February 11, 2019

The day the Twins and Red Sox turned 10 double plays

The Twins Almanac is a website and active twitter feed that reports on the history of the team, its players and those athletes with a connection to Minnesota.

An old Twins Almanac tweet showed up in my own twitter feed last week, reminding me of a time when the Twins turned two triple plays against the Boston Red Sox in July 1990. I am familiar with that moment, but I was totally unfamiliar with what happened the following day: The Twins and Red Sox turned 10 double plays to tie a major league record.

Even better: Who remembers Twins infielder Fred Manrique?

The Twins won the World Series in 1987, then won 91 games the following season before slipping a bit in ‘89 and ‘90. The Twins were 42-46 heading into a three-game series at Fenway Park on July 16-18, 1990.

The Twins won the opener 3-2, scoring two runs in the top of the ninth inning to earn the victory. Senor Smoke got the win to improve to 7-2 and closer Rick Aguilera picked up his 22nd save.

The next game they lost, shut out 1-0 by Boston starter Tom Bolton and Ex-Twin Jeff Reardon. The Twins, though, still grabbed headlines by turning two triple plays, Gary Gaetti to Al Newman to Kent Hrbek.

In the final game of the series, both teams combined for 26 hits, but Boston scored only a 5-4 win, likely because of the Twins’ defense.

The six double plays for the Twins, according to Baseball-Reference.com:

Al Newman-Fred Manrique-Kent Hrbek (three times).

-Fred Manrique-Al Newman-Kent Hrbek.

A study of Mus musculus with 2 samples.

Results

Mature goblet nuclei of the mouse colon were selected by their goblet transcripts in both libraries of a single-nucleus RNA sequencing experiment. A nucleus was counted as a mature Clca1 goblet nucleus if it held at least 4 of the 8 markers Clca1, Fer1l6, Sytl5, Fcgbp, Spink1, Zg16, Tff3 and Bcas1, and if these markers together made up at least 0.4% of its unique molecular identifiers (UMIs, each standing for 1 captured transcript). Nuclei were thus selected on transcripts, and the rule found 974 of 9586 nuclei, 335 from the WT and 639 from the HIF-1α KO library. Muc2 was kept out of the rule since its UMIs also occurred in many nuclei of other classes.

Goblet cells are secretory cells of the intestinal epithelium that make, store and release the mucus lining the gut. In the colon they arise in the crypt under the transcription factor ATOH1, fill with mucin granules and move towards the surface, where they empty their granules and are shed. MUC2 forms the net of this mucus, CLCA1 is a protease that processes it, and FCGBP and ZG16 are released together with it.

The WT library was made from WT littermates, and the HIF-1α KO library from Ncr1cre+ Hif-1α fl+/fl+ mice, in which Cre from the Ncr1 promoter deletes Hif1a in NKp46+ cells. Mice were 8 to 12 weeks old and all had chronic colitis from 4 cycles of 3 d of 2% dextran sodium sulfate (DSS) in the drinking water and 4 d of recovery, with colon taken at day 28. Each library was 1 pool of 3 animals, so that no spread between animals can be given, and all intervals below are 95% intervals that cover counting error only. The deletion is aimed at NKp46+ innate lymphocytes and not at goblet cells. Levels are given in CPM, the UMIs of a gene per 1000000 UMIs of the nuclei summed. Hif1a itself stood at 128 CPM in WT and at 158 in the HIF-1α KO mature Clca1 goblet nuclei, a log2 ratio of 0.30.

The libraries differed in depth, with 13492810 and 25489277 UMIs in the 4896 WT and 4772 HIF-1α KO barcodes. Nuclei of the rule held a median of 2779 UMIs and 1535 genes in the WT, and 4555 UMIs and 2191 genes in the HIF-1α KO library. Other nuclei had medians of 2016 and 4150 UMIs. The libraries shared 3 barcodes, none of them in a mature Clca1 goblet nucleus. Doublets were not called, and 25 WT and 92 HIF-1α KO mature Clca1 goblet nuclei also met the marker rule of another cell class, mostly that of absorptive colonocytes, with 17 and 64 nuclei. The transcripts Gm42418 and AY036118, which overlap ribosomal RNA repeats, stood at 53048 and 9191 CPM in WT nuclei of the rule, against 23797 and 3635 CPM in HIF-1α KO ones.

-Kent Hrbek-Al Newman-Kent Hrbek.

-Fred Manrique-Kent Hrbek.

The four double plays for the Red Sox:

-Jody Reed-Tim Naehring-Carlos Quintana.

-Carlos Quintana (Unassisted, apparently).

-Jody Reed-Carlos Quintana.

-Tim Naehring-Jody Reed-Carlos Quintana.

Manrique spent one season with the Twins in 1990. He appeared in 69 games and hit .237.

Although the defense did its best to preserve the win, Senor Smoke took the loss and fell to 7-3. Reliever Dennis Lamp got the win for the Red Sox and Reardon his 17th save.

The record for most double plays in one game by one team is seven.

Extra innings…

-Rest in peace, Frank Robinson. Hall of Famer Robinson, who slugged 586 home runs, died last week at the age of 83. Robinson started his career in the National League where he became a star for the Cincinnati Reds. He won the NL MVP in 1961. But later, thinking that Robinson’s best years were behind him, the Reds traded him to the Baltimore Orioles. In l966, his first season in the American League, Robinson hit .316 with 49 home runs and 122 RBI and was named AL MVP. It was also the beginning of a dynasty for the Orioles, a team that had power, pitching and a great defense. They won the World Series in 1966, followed by wins or appearances in the World Series in ’69, ’70, ’71, ’79 and ’83.


Hi, I’m Rolf Boone, Twins fan.

I became a fan of the Minnesota Twins after a friendly wager in the early 1980s. I survived Ron Davis, the meltdown in Cleveland, Phil Bradley at the Kingdome and then marveled at a rising generation of stars and two World Series wins in 1987 and 1991. Brad Radke made the 1990s bearable, while Kirby Puckett’s eye injury, exit from the game and eventual death made it almost too much to bear. The new century ushered in more talent — Joe Mauer, Johan Santana, Joe Nathan, Torii Hunter, Justin Morneau — and consecutive seasons of playoff baseball, followed by consecutive seasons of losing baseball. A winning season returned in 2015. So here we are. Go Twins.